Resolving the sign of reactance – a method – Smith chart detail
Exploiting your antenna analyser #28 gave an example of use of one method to resolve the sign of reactance comparing measurements made with a slightly longer known transmission line.
One way to predict the input impedance to the longer line is using a Smith chart. This article presents a Smith chart prediction of the expected input impedance of a 8′ section of RG8 at 14.17Mhz (vf=0.66, length=0.175λ) for the cases of Zload being 60.3+j26.9Ω and 60.3-j26.9Ω.
The impedance is normalised to 50Ω and plotted on the Smith chart, point 1 above. A radial from the centre through point 1 is drawn to the edge of the chart. Another radial is drawn a distance towards the generator of 0.175λ and using a pair of dividers or ruler, point 2 is plotted on that radial at the same distance from the centre (same VSWR) as point 1.
These points are on a constant VSWR arc but the arc has not been draw because the two arcs would overlap and might be confusing to some readers.
The impedance is normalised to 50Ω and plotted on the Smith chart, point 3 above. A radial from the centre through point 3 is drawn to the edge of the chart. Another radial is drawn a distance towards the generator of 0.175λ and using a pair of dividers or ruler, point 4 is plotted on that radial at the same distance from the centre as point 3.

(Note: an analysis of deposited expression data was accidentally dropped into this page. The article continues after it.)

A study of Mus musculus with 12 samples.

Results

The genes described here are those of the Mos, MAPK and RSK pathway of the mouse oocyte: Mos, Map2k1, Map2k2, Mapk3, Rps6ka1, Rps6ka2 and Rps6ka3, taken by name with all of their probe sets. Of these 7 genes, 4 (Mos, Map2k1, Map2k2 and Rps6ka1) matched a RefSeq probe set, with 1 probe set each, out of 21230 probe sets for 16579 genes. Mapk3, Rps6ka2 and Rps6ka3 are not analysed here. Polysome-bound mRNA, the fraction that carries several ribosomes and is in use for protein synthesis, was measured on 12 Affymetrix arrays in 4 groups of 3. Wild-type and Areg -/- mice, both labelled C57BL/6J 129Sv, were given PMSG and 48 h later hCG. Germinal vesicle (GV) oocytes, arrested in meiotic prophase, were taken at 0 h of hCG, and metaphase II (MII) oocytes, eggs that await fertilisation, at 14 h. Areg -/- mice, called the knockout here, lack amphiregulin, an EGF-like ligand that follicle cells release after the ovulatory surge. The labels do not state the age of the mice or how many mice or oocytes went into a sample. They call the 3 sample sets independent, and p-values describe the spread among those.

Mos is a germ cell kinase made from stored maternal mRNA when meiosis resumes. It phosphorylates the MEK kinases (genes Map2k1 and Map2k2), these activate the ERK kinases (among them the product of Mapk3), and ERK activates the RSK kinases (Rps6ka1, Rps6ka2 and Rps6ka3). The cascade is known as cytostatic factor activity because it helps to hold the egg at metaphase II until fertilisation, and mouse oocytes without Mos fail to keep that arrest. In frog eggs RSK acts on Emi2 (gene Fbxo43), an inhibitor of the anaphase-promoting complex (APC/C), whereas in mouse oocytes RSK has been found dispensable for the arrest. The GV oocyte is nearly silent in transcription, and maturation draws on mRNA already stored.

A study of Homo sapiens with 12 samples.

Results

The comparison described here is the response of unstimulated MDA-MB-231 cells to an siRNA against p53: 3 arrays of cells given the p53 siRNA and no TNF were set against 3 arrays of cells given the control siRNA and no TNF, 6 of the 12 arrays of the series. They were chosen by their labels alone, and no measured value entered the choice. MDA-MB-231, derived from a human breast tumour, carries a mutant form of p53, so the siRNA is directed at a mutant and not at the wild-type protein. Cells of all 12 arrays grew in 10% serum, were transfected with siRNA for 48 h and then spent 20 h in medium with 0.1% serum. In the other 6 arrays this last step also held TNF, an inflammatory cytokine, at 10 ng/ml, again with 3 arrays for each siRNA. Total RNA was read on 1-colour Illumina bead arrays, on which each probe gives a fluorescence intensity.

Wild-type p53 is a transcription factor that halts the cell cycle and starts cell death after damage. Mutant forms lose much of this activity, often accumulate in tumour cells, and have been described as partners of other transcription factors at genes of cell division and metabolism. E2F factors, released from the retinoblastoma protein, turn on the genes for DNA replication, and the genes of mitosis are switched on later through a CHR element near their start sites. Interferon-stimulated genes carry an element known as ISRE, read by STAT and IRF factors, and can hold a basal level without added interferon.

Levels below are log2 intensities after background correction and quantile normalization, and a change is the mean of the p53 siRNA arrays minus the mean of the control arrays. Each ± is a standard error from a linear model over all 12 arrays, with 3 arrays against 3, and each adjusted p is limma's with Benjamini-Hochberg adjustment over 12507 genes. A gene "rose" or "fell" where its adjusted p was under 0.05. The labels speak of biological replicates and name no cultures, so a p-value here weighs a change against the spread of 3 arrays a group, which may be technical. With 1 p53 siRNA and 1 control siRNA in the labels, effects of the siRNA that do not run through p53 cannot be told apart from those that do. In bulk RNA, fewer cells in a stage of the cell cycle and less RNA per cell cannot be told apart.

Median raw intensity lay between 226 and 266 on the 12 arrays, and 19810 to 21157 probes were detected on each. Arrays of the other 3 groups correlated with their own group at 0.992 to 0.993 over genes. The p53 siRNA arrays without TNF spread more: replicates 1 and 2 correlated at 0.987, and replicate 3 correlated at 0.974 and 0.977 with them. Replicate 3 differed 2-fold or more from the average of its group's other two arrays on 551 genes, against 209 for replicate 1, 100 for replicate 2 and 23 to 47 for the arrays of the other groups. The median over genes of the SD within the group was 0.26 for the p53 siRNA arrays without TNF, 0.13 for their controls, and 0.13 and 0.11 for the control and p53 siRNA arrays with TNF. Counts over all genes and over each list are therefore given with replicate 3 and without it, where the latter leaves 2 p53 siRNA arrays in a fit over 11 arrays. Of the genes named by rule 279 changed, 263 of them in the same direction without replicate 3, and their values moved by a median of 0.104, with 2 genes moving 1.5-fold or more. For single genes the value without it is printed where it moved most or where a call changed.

It is clear that the predicted R value of the points 2 and 4 are very different and will be sufficient to differentiate the +ve and -ve X cases.
Reading of the normalised R value for each and multiplying it, we get R=52Ω for point 2 (the +ve X case) and R=30Ω for point 4 (the +ve X case).
The predicted R values of 52Ω and 30Ω are very slightly different to the more exact values using in the original article a good transmission line calculator because the Smith chart solution above is for a lossless line, and being a graphic solution is it not as precise as the mathematical one.
Nevertheless, the Smith chart solution is quite good enough to differentiate the two possibilities and to show that the sign of X in the original measurement is in fact -ve.
Watch the blog for continuing postings in the series Exploiting your antenna analyser. See also Exploiting your antenna analyser – contents.